College athletes are safer in the hands of their coaches, right?
Maybe not at the University of Kansas.
The Jayhawks’ head football coach, Les Miles, tested positive for the coronavirus on Thursday and is isolating at home, he announced.
In a statement, the former national championship winning coach announced his positive test and said he would fulfil his “coaching responsibilities remotely.”
Kansas AD Jeff Long said: “As long as Coach Miles does not develop symptoms or have a fever, we anticipate he will be able to coach the West Virginia game on Oct. 17.”
Oct. 17 is next Saturday, less than 10 days away, for those of you who have also lost track of time in 2020.
Ten days is the timeframe the CDC recommends for asymptomatic Americans to self-isolate after a positive test result.
Hopefully Miles, 66, is the only case on the KU staff. Hopefully he is asymptomatic and gets over this with relative ease.
But most COVID cases in a college football program don’t just go away. If the first few weeks of the season serve as any indication, the virus could quickly spread throughout the Jayhawks and potentially put next Saturday’s game in jeopardy — forget Miles making a coaching appearance.
Just ask Notre Dame or Virginia Tech or BYU or UNC-Charlotte. Or the University of Houston, which will play its first game of the season tonight after five pandemic-related postponements and cancelations.
High-profile coaches across college football, like Dabo Swinney and Nick Saban, have argued that players are safer under their care. But high-profile college coaches are the last people who should be in charge. If Miles can’t keep himself safe from the virus, how can he expect to keep a team of kids sheltered? Kids, by the way, who have likely come into close contact with Miles over the past few days.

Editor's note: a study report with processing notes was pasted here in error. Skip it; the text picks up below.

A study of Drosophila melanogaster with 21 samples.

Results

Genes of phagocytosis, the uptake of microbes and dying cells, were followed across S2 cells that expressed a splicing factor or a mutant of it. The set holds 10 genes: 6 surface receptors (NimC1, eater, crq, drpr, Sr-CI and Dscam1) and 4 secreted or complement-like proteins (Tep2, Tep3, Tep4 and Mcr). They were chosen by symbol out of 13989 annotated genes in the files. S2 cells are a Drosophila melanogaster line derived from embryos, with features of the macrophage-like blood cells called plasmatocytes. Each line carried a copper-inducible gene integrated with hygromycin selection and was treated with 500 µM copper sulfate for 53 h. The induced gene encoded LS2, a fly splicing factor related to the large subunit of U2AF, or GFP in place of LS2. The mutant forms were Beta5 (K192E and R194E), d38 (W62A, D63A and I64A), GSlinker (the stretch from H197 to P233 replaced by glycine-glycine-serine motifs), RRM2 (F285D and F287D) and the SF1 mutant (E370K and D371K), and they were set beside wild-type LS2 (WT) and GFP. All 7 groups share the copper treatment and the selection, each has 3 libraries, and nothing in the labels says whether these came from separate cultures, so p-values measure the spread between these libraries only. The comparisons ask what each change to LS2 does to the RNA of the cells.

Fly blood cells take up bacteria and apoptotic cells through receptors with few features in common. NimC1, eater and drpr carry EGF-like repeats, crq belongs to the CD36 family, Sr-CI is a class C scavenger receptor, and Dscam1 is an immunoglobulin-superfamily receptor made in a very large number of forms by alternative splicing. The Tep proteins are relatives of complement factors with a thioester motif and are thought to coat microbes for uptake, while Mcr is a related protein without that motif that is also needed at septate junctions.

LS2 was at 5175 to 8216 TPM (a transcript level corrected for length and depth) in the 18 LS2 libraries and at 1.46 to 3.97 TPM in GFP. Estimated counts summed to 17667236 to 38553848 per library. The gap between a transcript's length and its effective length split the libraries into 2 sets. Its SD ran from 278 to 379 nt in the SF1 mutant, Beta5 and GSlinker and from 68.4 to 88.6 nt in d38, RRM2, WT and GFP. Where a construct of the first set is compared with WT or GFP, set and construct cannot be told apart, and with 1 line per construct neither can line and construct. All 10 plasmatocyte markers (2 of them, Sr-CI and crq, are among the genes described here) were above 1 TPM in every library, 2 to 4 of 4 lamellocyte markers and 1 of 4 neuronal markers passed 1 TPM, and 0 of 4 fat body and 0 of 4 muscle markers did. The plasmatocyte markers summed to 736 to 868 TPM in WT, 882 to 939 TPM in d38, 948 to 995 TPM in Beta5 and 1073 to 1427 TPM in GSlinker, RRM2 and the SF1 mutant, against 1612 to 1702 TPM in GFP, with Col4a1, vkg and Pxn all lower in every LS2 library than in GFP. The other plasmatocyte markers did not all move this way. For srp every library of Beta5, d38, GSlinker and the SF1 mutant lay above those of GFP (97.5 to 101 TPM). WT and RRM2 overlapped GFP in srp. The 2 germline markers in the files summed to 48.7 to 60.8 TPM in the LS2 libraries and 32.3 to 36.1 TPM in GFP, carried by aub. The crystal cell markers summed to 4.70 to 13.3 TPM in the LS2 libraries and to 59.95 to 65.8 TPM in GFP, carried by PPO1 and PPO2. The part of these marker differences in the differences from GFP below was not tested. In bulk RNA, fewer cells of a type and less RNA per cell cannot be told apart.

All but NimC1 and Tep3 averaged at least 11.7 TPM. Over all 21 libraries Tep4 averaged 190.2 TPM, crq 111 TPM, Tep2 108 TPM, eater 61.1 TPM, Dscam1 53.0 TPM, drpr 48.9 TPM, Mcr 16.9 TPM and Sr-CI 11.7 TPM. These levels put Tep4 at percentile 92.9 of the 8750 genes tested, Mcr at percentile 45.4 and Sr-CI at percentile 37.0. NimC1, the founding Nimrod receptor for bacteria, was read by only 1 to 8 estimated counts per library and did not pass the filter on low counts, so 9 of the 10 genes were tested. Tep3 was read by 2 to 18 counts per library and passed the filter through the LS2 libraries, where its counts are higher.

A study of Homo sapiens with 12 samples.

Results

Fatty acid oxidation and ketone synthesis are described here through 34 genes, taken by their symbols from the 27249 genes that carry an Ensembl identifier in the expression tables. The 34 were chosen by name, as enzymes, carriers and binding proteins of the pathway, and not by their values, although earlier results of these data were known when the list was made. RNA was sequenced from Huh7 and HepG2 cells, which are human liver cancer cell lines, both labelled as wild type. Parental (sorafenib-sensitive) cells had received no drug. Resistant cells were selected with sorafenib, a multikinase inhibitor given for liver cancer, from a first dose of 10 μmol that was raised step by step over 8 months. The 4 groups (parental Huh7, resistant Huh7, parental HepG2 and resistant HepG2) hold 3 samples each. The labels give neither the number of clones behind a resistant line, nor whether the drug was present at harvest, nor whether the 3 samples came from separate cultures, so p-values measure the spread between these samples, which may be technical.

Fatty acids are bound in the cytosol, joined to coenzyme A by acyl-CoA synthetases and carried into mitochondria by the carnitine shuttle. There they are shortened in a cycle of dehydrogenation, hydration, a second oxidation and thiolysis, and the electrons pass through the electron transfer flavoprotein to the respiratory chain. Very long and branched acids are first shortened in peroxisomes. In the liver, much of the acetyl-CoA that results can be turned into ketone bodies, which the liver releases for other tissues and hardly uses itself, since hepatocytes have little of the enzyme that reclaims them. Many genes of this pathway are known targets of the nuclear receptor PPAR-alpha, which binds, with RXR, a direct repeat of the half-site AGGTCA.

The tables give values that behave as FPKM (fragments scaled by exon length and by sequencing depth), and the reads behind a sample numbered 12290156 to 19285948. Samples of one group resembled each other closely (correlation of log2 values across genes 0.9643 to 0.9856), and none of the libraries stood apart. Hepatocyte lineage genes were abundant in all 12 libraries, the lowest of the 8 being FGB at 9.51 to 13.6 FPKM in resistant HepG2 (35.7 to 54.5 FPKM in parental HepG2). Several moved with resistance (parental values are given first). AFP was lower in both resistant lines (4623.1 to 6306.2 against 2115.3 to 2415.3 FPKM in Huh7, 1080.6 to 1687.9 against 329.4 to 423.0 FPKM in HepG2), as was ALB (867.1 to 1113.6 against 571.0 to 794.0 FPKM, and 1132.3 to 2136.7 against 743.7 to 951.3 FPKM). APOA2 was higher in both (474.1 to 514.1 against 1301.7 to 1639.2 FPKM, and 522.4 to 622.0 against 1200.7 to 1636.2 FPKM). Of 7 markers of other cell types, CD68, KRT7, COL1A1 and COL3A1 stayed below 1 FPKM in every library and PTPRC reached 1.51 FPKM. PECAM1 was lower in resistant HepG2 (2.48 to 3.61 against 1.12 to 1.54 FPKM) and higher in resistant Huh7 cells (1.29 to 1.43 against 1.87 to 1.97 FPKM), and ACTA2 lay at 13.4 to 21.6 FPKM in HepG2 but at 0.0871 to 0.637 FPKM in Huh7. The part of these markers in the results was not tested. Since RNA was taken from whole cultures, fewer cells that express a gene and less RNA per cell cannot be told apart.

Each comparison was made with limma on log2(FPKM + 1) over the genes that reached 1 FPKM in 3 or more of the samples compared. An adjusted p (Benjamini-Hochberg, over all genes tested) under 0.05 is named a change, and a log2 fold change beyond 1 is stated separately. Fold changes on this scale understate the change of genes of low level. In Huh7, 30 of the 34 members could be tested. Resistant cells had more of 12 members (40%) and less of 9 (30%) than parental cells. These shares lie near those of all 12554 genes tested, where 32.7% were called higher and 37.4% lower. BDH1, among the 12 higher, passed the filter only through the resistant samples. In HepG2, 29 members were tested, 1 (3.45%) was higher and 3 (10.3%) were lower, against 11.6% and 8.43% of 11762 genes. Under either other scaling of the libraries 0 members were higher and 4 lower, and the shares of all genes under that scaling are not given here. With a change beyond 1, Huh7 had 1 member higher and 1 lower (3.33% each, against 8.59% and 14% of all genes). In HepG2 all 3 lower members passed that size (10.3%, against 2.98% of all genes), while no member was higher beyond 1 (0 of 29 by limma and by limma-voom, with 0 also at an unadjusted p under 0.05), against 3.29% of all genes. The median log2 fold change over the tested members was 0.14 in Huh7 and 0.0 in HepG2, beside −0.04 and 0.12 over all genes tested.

Kansas, like every other school with a football team, wants to play because it is in their financial interest to do so. Think KU is a basketball school? Think again. According to Equality in Athletics Data Analysis the Jayhawk football program generates $38,148,252 in revenue, double the revenue generated by men’s basketball.
And with all that cash, you don’t think KU wants to see their $2.8 million coach back on the sidelines soon?
COVID has exposed many of the dysfunctions in our society — college sports included. Athletic departments will continue to operate under a different set of rules, while coaches, in many cases, are not the ones keeping athletes safe.
KU’s own contract-tracing portal asks students to “stay at home and self-quarantine for 14 days after your last exposure,” if asymptomatic.
I wonder if those rules will be enforced for KU students who play football.